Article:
Counter-terrorism police in the United Kingdom are regularly making arrests in an effort to stop the flow of foreign fighters to Syria and Iraq. But they are also trying another approach to reach London's youth, who they believe are at risk of being radicalized.
In recent months, British police have partnered with Humza Arshad, a Muslim comedian with a popular YouTube channel, and asked him to tour schools around London to talk to schoolchildren. They believe that schoolchildren will identify and listen to Arshad, a 30-year-old from South London who makes jokes about jihadists and provides subtle moral messages on the true meaning of religion.
Young Muslims in Western countries are at risk of being radicalized. More than 25,000 foreign fighters from over 100 different countries have traveled to Syria and Iraq, as well as Afghanistan, Yemen and Libya, the United Nations secretary-general said in a report released on May 29.
Arshad first made a comic video in his bedroom in 2010 and posted it on YouTube. In 10 days, his video, called, "Diary of a Badman," attracted more than a million views.
"Taken aback by how quick the video had gone viral across Facebook and YouTube, Humza realized he was onto something special here and the 'Diary of a Badman' series was born," his agent told ABC News in a written statement.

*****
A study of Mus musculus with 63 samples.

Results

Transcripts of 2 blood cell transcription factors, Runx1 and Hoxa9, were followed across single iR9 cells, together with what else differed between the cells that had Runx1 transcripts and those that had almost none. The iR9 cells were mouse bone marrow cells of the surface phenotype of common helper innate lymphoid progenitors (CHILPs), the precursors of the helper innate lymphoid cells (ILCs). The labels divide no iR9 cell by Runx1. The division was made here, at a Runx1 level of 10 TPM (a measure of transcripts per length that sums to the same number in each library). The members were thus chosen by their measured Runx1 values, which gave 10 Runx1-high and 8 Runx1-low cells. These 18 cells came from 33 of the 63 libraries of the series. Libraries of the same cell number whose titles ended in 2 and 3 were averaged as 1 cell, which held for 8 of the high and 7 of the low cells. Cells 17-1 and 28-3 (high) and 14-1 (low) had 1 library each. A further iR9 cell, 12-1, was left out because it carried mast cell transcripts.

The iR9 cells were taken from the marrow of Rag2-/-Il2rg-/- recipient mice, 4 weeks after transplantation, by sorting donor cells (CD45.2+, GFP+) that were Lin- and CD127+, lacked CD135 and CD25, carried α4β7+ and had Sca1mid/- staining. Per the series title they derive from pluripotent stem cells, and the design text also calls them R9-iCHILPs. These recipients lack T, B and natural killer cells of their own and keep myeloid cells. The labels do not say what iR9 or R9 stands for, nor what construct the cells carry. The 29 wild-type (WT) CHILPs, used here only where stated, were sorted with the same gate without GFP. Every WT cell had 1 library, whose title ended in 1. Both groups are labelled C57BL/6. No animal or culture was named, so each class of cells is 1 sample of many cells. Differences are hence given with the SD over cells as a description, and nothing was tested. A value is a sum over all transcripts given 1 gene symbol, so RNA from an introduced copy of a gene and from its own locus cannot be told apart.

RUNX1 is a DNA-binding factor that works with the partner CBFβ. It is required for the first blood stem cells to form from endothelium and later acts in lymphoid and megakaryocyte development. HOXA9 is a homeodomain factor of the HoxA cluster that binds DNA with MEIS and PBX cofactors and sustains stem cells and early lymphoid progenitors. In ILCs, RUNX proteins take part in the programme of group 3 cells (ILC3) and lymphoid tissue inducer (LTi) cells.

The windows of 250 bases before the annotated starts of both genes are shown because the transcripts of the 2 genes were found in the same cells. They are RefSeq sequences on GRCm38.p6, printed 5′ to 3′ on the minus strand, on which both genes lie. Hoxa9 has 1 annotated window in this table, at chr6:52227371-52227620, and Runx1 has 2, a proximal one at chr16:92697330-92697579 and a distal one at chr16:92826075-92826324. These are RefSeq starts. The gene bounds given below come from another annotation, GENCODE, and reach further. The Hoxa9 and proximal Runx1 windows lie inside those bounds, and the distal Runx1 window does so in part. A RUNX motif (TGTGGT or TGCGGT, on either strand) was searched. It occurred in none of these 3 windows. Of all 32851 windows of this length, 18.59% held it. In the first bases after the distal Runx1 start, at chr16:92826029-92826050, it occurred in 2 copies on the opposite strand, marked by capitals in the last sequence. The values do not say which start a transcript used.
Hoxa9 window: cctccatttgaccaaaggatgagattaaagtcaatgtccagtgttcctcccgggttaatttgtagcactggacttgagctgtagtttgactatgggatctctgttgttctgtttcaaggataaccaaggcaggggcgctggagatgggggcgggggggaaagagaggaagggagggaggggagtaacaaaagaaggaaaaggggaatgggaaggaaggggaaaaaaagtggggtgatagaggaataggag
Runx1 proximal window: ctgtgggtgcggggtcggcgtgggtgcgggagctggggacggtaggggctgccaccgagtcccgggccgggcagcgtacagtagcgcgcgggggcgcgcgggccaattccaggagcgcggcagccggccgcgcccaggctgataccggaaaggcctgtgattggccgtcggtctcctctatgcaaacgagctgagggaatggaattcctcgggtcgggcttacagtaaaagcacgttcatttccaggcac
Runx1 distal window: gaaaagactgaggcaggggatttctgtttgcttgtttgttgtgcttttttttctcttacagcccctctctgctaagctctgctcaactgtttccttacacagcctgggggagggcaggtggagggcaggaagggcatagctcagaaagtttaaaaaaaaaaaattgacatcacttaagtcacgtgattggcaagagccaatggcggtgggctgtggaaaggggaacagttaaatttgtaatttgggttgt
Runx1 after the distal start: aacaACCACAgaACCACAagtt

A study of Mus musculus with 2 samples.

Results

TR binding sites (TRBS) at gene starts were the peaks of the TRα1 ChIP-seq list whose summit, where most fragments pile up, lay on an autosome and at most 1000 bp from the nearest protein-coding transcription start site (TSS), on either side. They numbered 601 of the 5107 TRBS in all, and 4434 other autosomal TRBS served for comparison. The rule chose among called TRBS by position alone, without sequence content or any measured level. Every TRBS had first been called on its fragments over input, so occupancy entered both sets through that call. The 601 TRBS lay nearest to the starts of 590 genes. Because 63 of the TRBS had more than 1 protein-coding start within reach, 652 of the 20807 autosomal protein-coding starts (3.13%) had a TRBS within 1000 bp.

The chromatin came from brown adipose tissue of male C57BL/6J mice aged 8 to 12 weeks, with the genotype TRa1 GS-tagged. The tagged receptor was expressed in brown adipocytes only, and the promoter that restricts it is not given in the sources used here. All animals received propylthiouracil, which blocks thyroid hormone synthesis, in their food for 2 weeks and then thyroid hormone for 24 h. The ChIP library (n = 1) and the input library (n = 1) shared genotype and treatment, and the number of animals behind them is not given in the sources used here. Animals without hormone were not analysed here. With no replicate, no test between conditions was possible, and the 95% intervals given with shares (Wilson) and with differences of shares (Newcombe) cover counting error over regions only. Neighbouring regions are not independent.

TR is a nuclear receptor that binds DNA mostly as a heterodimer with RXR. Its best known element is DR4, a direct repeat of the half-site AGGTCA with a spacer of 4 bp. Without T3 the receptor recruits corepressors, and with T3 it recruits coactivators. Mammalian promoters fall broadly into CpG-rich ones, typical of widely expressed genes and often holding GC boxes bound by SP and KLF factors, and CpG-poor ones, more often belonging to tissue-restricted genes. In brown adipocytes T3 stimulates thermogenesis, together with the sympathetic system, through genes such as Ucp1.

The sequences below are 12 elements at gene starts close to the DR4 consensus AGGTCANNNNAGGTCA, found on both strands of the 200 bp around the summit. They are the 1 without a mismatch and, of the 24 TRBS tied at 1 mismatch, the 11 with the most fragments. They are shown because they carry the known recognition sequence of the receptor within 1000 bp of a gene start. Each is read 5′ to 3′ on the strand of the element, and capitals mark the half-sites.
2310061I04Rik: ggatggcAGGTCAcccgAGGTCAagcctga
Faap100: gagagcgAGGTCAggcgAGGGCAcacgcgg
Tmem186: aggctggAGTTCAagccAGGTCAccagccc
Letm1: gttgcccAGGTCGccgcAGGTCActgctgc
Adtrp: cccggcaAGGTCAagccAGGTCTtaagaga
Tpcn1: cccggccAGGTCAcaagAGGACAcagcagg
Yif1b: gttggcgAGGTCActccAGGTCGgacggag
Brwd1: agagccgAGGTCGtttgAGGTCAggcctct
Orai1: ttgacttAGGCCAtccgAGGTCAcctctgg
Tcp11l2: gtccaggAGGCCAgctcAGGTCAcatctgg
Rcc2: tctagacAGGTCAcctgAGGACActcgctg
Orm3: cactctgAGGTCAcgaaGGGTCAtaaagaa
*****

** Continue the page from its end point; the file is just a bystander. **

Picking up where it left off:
Humza Productions now has become the most-viewed comedy channel in the U.K., with more than 60 million views and 240,000 subscribers.
Arshad was first booked to speak at one school. He was asked to show them his video, called, "Think for Yourself," which explores the issues of extremism, and to open a debate with the students.
In one of the scenes, Arshad's character, Badman, tries to stop his cousin from being brainwashed: "Brother, you're changing," he says. "Islam is about peace, if you want to stand up for something, then do so, but not with anger and violence."
The experience at the first school was a success, and Arshad has now been to more than 60 schools around London in support of his mission.
“Humza’s very much a rising star on YouTube, and it was clear the students were already familiar with and fans of his videos, so it is great to have got him on board for this project,” said PC Rizwaan Chothia of the East Midlands Prevent Engagement Team in an October 2014 statement from the East Midlands Police. “We are always looking for ways in which we can communicate important messages. This film makes it both entertaining as well as informative, which we hope will make it really effective.”
The New York Times has described Arshad as "the centerpiece of the British government’s latest and perhaps cleverest effort to prevent students from running off to Syria," while Newsweek called him, "Britain's 'Most Effective Tool' Against Radicalization."
While Arshad told ABC News he was, at first, hesitant to accept the serious task of trying to prevent radical speech from reaching teenagers, he felt it was his responsibility as a Muslim.
"I always wanted to do something positive, to give back to the community," he said, "and I thought I had a responsibility because most Muslims in my industry are not doing this."